Most Americans never experience the traditional trek to the woods to cut the family Christmas tree. It is familiar only through nostalgic holiday cards.
A drive to the temporarily forested tree lots that appear seasonally is as close as most of us come to that festive experience.
The tradition survives in parts of the country where commercial tree plantations allow customers to choose a tree and cut it themselves, and in Western states where tree cutting is allowed on forested public lands.
Both the Bureau of Land Management and the U.S. Forest Service start selling tree-cutting permits in November. Since no cutting is allowed in Clark County, the closest in-state cutting areas for Southern Nevadans will be in parts of Lincoln and White Pine counties. However, cutting areas in Southern Utah and Northern Arizona are much closer.
The BLM charges $5 for a permit, with a limit of five permits per person. Trees from BLM lands will be pinyons or junipers. Forest service permits cost $10 per tree up to 10 feet tall and $20 for trees 11 to 20 feet tall. Trees permitted for cutting in national forest areas include pinyons, junipers and certain varieties of higher-elevation fir trees.
When you purchase the permit, you will receive maps of cutting areas, illustrations of the types of trees to be cut and details on how to cut and care for your tree. Cutting areas are often located off gravel side roads that may require the use of a high-clearance vehicle. Be prepared for cold temperatures and possible snow. You will need an ax, a suitable saw or a gas-powered chain saw. After acquiring the proper equipment and buying the permit, gas and food for the trip, the tree you cut won’t be cheap. But the holiday memories will be priceless.
Tree permits are available by mail, but most tree cutters pick them up at agency offices or cooperating businesses near cutting areas. For Nevada cutting area permits, check with BLM or Forest Service offices locally.
Permits for the closest Utah and Arizona BLM and national forest areas are available in St. George, Utah, at the interagency visitor center on Riverside Drive. Permits are also available at the Veyo Mercantile on state Route 18 for the Pine Valley area. High elevation areas where fir trees may be cut are apt to be located in Kaibab National Forest in Arizona or in Dixie National Forest near Cedar City. Check in St. George for the Arizona cutting sites. For Dixie National Forest, check at the agency office in Cedar City or at the local Ace Hardware.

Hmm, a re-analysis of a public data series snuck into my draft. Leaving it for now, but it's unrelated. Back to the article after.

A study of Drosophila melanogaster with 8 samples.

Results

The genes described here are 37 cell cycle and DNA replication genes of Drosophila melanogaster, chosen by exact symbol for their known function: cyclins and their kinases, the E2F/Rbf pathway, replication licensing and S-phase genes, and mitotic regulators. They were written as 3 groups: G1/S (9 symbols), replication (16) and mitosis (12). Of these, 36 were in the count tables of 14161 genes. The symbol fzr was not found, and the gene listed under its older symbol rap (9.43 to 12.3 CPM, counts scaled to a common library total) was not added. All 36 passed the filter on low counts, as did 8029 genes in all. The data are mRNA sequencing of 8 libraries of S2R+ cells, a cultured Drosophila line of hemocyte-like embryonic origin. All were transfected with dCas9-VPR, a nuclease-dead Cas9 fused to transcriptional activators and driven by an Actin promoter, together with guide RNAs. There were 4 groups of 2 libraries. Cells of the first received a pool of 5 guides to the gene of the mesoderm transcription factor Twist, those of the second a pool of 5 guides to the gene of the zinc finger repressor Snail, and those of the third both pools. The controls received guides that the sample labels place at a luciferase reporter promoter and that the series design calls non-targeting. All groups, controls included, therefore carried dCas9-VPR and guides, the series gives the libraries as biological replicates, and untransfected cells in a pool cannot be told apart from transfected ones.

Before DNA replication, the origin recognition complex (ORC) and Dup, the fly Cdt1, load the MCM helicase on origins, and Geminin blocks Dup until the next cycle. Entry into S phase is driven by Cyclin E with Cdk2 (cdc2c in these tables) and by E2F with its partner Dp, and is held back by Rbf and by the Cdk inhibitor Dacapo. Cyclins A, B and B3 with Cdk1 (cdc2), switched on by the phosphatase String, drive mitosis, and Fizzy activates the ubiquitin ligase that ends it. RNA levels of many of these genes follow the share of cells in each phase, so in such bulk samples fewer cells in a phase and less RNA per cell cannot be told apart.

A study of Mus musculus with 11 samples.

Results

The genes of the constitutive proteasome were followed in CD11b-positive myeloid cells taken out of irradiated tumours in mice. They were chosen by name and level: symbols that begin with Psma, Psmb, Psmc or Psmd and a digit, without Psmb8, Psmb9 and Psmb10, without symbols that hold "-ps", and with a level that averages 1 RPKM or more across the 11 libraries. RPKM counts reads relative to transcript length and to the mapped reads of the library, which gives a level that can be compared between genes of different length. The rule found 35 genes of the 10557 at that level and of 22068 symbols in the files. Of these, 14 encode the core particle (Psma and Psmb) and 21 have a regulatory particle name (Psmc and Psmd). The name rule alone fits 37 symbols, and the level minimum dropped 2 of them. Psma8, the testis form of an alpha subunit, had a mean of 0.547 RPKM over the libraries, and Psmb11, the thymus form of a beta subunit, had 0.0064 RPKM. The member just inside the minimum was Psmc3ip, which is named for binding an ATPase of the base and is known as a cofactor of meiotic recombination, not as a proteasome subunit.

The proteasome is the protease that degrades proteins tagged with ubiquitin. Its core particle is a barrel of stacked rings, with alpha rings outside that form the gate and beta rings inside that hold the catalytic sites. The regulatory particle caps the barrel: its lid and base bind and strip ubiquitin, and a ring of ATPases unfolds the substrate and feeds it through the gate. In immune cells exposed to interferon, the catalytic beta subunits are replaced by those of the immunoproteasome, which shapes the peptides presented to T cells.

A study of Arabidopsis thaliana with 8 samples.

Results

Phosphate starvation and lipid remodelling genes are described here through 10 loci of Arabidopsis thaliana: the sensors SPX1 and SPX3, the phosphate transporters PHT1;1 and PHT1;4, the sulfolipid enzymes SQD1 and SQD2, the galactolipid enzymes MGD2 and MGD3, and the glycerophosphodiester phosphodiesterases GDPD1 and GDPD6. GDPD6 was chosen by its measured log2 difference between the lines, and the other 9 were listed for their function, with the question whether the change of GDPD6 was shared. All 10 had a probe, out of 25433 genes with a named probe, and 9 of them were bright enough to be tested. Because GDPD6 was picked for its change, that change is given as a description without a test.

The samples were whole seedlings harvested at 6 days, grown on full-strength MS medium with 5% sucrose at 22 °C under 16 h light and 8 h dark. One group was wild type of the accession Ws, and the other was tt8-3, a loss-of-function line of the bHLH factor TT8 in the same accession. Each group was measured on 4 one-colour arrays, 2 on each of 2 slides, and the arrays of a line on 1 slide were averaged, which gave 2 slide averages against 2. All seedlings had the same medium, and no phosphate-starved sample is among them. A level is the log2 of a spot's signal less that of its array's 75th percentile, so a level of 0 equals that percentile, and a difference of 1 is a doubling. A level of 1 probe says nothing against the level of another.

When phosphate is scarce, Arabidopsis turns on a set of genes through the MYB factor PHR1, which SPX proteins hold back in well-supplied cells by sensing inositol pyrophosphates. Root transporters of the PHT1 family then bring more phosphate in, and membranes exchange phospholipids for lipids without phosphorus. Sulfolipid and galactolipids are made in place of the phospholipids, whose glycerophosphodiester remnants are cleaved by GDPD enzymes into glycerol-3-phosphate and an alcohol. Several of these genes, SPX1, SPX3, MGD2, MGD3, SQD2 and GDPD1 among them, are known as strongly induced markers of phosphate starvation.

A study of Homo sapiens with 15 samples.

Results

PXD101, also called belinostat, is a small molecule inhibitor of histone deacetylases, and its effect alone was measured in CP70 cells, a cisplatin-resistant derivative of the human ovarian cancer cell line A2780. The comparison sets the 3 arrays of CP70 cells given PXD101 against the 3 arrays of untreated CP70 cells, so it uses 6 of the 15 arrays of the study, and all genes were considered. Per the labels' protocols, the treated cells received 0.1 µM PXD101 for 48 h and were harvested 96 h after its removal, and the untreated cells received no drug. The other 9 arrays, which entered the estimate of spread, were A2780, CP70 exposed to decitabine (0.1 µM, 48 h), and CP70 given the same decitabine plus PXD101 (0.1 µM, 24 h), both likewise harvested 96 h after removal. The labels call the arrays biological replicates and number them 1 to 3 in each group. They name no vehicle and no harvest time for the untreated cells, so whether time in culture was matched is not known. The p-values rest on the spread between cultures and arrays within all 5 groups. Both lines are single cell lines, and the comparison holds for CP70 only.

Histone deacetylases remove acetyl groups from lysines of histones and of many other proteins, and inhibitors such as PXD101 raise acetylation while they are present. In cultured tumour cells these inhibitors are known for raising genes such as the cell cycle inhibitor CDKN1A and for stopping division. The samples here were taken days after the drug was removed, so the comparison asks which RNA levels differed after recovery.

Your search for the perfect tree may lead you some distance from your vehicle, so keep an eye on landmarks that will help you find your way back. Whatever tool you use to cut down your tree, make sure it is sharp and in good repair. Leave a stump of less than 6 inches and remove side branches. Attach the permit to the trunk of the tree.
Everyone in your party should dress in warm layers, keep hands warm and heads covered and have rugged footwear. Pack a few warm blankets and a change of shoes and socks or cozy slippers. Bring drinking water. Hearty snacks and warm soups and beverages make welcome tailgate fare.
Keep your tree fresh with good care. When you get it home, wash the tree down with a hard spray from a hose. Recut the base and immediately stand it in water in a sheltered place until you are ready to use it.
When the tree comes inside, set it up in a stand with a water basin on a plastic tarp. Replenish the water frequently. The tarp will protect the flooring and allow you to maneuver the tree into place after you get the lights on it. Tuck it close to the tree and conceal with a tree skirt or snowy sheet. The tarp will also catch needles and make removal easier.
The tree you get yourself will be the freshest you’ll ever decorate and its woodsy scent will perfume memories of the family tree-cutting adventure.
Margo Bartlett Pesek’s column appears on Sundays.